Education, Poverty, Political Violence and Terrorism: Is There a Causal Connection?
The paper investigates whether there is a causal link between poverty or low education and participation in politically motivated violence and terrorist activities. After presenting a discussion of theoretical issues, we review evidence on the determinants of hate crimes. This literature finds that the occurrence of hate crimes is largely independent of economic conditions. Next we analyze data on support for attacks against Israeli targets from public opinion polls conducted in the West Bank and Gaza Strip. These polls indicate that support for violent attacks does not decrease among those with higher education and higher living standards. The core contribution of the paper is a statistical analysis of the determinants of participation in Hezbollah militant activities in Lebanon. The evidence we have assembled suggests that having a living standard above the poverty line or a secondary school or higher education is positively associated with participation in Hezbollah. We also find that Israeli Jewish settlers who attacked Palestinians in the West Bank in the early 1980s were overwhelmingly from high-paying occupations. The conclusion speculates on why economic conditions and education are largely unrelated to participation in, and support for, terrorism.
|Date of creation:||Jul 2002|
|Date of revision:|
|Publication status:||published as Krueger, Alan B. and Jitka Maleckova. "Education, Poverty And Terrorism: Is There A Causal Connection?," Journal of Economic Perspectives, 2003, v17(4,Fall), 119-144.|
|Note:||LS PE ED|
|Contact details of provider:|| Postal: National Bureau of Economic Research, 1050 Massachusetts Avenue Cambridge, MA 02138, U.S.A.|
Web page: http://www.nber.org
More information through EDIRC
Please report citation or reference errors to , or , if you are the registered author of the cited work, log in to your RePEc Author Service profile, click on "citations" and make appropriate adjustments.:
- Richard B. Freeman, 1996.
"Why Do So Many Young American Men Commit Crimes and What Might We Do about It?,"
Journal of Economic Perspectives,
American Economic Association, vol. 10(1), pages 25-42, Winter.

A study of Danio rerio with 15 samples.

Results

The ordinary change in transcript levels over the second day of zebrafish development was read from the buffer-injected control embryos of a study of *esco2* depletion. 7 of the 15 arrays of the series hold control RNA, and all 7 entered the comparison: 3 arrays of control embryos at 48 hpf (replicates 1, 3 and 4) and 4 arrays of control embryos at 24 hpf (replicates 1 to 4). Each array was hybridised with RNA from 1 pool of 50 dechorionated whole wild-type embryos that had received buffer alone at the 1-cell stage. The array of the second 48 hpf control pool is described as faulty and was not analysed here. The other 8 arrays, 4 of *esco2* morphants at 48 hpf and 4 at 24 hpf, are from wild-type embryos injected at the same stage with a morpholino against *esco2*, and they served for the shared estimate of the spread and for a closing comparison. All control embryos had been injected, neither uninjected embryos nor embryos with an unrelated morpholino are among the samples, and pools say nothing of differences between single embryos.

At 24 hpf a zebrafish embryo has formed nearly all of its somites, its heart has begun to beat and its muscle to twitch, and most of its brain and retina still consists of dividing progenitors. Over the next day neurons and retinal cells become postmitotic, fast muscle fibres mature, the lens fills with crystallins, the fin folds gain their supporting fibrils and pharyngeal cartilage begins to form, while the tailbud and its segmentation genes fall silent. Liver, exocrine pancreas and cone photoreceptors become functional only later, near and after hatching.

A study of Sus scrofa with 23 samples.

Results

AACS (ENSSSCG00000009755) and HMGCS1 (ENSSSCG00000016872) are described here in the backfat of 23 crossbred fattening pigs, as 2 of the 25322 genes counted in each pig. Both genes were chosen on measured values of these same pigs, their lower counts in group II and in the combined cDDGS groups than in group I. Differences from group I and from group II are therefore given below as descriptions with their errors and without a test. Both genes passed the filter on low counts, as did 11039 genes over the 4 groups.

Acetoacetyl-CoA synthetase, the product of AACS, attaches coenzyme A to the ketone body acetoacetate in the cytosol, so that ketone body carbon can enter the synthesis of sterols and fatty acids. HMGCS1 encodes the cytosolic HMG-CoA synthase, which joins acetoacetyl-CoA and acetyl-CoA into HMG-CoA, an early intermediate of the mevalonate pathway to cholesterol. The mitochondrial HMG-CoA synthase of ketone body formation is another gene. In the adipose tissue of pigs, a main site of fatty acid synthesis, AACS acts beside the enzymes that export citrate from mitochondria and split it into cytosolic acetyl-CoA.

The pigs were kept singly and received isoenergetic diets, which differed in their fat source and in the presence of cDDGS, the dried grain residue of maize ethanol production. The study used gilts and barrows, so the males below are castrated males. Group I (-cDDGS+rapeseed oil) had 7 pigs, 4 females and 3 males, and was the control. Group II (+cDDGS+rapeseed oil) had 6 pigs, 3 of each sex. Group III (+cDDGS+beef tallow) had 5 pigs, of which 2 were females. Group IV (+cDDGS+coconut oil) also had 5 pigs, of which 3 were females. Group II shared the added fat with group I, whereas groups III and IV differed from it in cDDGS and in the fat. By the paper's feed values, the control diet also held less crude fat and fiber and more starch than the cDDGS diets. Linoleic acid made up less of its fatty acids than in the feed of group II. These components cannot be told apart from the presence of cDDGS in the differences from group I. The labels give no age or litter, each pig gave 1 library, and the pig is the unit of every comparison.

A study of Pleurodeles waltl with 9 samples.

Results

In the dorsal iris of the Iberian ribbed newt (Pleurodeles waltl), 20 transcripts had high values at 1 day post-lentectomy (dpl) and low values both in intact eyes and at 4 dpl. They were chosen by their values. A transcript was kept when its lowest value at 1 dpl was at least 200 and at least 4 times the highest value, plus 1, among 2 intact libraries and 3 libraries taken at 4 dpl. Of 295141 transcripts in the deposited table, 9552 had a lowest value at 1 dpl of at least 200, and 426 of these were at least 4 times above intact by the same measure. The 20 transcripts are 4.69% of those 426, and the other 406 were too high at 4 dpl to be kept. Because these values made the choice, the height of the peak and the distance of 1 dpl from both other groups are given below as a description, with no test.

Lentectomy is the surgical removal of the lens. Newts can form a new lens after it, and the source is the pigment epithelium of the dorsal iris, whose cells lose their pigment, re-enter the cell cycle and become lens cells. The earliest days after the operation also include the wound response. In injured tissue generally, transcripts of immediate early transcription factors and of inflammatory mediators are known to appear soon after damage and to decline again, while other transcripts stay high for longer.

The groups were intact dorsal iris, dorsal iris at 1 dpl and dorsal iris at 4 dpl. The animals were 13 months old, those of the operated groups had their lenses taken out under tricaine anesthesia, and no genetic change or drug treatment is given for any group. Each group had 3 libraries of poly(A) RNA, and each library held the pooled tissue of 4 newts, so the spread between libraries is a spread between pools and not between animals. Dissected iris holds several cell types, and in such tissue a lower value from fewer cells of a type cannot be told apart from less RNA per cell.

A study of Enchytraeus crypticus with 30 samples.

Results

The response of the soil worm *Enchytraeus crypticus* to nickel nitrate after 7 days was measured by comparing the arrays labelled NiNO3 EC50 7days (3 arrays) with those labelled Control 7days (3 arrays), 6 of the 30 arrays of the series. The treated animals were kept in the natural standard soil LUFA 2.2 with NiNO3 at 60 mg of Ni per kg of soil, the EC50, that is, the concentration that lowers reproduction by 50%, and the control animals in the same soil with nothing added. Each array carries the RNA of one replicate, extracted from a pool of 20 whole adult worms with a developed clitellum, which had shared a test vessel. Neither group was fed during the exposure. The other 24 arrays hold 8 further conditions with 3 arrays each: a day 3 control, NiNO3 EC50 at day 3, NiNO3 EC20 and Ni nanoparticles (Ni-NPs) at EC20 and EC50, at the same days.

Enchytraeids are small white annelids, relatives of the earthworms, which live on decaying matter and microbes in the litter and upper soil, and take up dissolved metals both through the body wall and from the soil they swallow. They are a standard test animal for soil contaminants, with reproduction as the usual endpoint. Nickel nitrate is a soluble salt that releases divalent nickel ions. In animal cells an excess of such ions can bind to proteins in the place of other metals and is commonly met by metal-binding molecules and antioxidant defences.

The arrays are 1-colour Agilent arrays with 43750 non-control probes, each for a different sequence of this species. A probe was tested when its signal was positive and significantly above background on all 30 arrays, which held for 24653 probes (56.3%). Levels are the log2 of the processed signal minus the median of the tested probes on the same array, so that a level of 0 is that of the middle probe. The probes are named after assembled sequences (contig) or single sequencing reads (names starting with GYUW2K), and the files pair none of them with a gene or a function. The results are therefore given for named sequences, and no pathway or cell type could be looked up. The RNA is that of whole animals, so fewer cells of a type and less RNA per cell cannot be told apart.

- Richard B. Freeman, 1996. "Why Do So Many Young American Men Commit Crimes and What Might We Do About It?," NBER Working Papers 5451, National Bureau of Economic Research, Inc.
- Alan B. Krueger & Jorn-Steffen Pischke, 1996.
"A Statistical Analysis of Crime Against Foreigners in Unified Germany,"
NBER Working Papers
5485, National Bureau of Economic Research, Inc.
- Alan B. Krueger & Jörn-Steffen Pischke, 1997. "A Statistical Analysis of Crime against Foreigners in Unified Germany," Journal of Human Resources, University of Wisconsin Press, vol. 32(1), pages 182-209.
- Alan B. Krueger & Jorn-Steffen Pischke, 1995. "A Statistical Analysis of Crime Against Foreigners in Unified Germany," Working papers 95-15, Massachusetts Institute of Technology (MIT), Department of Economics.
- Christopher J. Ruhm, 1996.
"Are Recessions Good For Your Health?,"
NBER Working Papers
5570, National Bureau of Economic Research, Inc.
- Manski, Charles F & Lerman, Steven R, 1977. "The Estimation of Choice Probabilities from Choice Based Samples," Econometrica, Econometric Society, vol. 45(8), pages 1977-88, November.
When requesting a correction, please mention this item's handle: RePEc:nbr:nberwo:9074. See general information about how to correct material in RePEc.
For technical questions regarding this item, or to correct its authors, title, abstract, bibliographic or download information, contact: ()
If references are entirely missing, you can add them using this form.